I’m tired. No. I’m exhausted, really. Between the tears and late night phone calls, I have somehow absorbed my friend’s issue as my own and it’s now taking a toll on me. I feel her anxiety as if it were mine; the uncertainty of what’s to come; and the overbearing sensation that this dark period will never be over. I dread when the phone rings and I realize it’s her. I choose not to pick it up just so I won’t have to delve back into that abyss with her. And yet, I also want to pick up the phone and just say straightforwardly, “Girl, listen, I’m tired!”
I think at some point in our lives, we have all experienced this issue with our close girlfriends. We try hard to live by that code of sisterhood: honesty, loyalty, and unwavering support. But in that unwavering support, we can take on too much and find ourselves overwhelmed and burdened with our friends’ issues. How do we maintain that fine balance? How do we construct boundaries that allow us to maintain healthy relationships with our girlfriends as we maintain ones with ourselves? I believe that there are three major steps that a good girlfriend must take and maintain to achieve these goals.
The first thing you should always keep in mind is that, your friend’s issue is not your issue. I know, I know. You’ve been besties since kindergarten. In the third grade, you guys became blood sisters. She was your roommate in college for all four years. I understand how our ties can make us feel more bonded and permanently entwined to one another, but at the end of the day she is still her own individual person. Know that there is only so much you can do to help her out when life comes calling with those painful knocks. You can be her shoulder to cry on, be her rock to lean on (for a while), but at the end of the day, this is her experience and her lesson that she needs to learn – not yours.
You should also remember that sometimes it’s best to not offer advice and just listen, while other times it’s very necessary (even if you’re pretending). One of the first things we do when a friend is in crisis is offer advice – whether they have asked for it or not. And there is nothing wrong with offering advice, but it can lead you down a slippery slope. Before you suggest ideas to your friend, listen to her account completely. Don’t cut off or dismiss her story. Not getting the full dish of what is going on can lead you to offer solutions that she may have tried before or might find insensitive, unrealistic, or feel that the suggestions don’t pertain to the obstacles at hand. Also, you have to be prepared for the case in which your friend does not consider your advice at all. People tend to learn from their own trials and errors, therefore your words of wisdom may go through one ear and come out the other. I’ve learned that it is best to cease with the well-meaning counsel if it has been offered more than once and been ignored. Remember, your girlfriend doesn’t have to take your advice and you definitely are not required to provide it.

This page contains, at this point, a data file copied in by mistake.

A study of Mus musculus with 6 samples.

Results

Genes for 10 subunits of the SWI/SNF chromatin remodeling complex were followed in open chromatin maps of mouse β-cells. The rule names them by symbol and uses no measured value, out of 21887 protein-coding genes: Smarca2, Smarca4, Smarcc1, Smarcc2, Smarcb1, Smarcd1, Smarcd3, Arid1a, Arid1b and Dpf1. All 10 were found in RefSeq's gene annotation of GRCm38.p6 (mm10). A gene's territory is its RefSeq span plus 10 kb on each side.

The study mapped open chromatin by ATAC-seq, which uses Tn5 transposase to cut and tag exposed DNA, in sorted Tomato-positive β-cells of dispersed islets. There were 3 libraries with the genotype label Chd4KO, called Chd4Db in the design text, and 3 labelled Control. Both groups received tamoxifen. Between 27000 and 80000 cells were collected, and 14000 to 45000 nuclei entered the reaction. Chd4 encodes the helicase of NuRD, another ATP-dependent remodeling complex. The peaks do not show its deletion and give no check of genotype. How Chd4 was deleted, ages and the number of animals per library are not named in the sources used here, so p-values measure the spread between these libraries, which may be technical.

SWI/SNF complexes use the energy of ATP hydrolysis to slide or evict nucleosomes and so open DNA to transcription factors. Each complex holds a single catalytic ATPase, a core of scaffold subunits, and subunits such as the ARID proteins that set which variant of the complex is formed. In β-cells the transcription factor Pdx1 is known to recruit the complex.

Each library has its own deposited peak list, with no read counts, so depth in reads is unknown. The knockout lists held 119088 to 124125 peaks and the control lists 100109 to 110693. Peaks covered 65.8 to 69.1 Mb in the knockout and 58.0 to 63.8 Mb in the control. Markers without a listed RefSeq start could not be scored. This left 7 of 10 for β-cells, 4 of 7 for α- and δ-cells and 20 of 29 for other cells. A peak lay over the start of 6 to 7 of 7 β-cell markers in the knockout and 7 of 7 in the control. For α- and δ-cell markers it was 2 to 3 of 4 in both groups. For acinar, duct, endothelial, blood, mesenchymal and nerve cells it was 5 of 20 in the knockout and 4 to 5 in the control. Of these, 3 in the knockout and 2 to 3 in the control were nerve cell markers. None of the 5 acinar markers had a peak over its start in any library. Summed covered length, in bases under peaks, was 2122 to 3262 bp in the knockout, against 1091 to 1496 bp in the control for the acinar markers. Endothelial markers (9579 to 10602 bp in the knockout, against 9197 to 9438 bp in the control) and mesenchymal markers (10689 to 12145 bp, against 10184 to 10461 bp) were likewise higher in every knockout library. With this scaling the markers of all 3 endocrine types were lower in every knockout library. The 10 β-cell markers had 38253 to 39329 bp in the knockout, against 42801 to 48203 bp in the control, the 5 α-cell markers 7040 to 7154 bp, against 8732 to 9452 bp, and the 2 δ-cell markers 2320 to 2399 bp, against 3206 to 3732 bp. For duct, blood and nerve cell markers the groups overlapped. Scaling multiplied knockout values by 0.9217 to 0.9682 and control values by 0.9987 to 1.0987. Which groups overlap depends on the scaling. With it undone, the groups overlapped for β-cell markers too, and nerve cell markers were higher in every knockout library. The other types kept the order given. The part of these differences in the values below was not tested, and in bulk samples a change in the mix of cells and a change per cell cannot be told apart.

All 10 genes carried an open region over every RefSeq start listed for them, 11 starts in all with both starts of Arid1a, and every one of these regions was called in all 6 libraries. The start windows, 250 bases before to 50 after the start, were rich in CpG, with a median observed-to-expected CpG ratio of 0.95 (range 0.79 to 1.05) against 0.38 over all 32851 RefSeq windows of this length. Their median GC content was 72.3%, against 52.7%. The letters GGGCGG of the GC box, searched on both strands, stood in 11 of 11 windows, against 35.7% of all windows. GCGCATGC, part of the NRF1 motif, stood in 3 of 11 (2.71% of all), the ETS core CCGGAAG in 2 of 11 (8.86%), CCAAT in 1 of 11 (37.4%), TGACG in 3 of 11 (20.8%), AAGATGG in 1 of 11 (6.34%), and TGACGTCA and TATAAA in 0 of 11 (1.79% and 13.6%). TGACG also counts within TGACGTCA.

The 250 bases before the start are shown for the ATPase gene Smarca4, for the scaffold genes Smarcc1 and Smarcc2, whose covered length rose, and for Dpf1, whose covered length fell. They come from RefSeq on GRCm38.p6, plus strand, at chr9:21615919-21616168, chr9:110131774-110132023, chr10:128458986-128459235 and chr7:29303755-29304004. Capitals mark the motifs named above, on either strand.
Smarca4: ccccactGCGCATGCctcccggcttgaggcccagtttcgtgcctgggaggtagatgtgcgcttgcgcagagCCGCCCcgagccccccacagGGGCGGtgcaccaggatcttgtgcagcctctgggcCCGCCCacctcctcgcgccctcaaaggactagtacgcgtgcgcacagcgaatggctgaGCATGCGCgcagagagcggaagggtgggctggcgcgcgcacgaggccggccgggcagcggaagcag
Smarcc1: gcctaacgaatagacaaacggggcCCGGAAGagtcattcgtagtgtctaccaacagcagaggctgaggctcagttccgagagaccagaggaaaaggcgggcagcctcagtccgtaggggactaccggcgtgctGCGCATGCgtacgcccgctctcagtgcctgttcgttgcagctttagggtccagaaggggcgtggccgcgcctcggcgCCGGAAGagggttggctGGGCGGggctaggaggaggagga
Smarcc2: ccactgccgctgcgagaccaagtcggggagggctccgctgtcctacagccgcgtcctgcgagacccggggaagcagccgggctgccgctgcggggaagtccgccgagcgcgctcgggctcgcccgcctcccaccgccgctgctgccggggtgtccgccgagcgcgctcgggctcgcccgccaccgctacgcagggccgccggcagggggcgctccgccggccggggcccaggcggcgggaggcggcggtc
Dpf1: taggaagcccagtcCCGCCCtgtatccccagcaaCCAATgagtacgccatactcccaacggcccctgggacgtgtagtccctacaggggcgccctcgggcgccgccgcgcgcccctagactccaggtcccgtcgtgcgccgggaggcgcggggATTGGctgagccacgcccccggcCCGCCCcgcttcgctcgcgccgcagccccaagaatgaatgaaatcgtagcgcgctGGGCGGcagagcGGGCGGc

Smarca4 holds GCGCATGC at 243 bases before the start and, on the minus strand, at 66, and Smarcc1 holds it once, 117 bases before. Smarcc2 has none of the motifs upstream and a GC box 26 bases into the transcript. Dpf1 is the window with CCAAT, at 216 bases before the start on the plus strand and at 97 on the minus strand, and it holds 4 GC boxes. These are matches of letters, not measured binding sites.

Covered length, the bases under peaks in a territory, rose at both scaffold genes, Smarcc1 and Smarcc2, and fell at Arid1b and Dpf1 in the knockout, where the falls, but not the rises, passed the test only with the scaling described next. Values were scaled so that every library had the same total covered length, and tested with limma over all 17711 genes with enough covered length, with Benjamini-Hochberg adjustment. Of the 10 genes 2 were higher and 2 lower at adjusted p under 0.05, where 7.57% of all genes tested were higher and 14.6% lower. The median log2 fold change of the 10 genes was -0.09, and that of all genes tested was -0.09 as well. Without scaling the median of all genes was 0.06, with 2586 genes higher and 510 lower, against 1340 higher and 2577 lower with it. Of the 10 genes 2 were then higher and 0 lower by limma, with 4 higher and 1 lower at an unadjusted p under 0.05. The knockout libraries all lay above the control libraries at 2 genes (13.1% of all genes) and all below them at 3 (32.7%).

Lastly, you need to be aware of how much you can take and communicate that to your friend. Let her know that every time you talk to her you don’t want to hear a story that starts with, “GIRL, let me tell you what happened!” If you find that her 3 a.m. phone calls filled with panic are wearing you down, let her know. There is a fine line in being a rock of support in times of need and being a spine. It is your job to be there to comfort, not to hold her up completely. At the end of the day, you can’t be a good friend to anyone if you are not a good friend to yourself. Remember to not over-extend yourself to her to the point where you are experiencing the same symptoms she is or find yourself face to face with her drama. If you find yourself balancing off the tip of a cliff with her, it is definitely okay to let her know the following: “Hey, I can’t do this with you. I’ve come too far. I love you, but this is not my fight. I can support you when you need it, but I can’t sacrifice my wellness to do so.” Of course, these words will most likely not be the words your friend wants to hear, but at the end of the day honesty is one of the principles that keeps sisterhood afloat.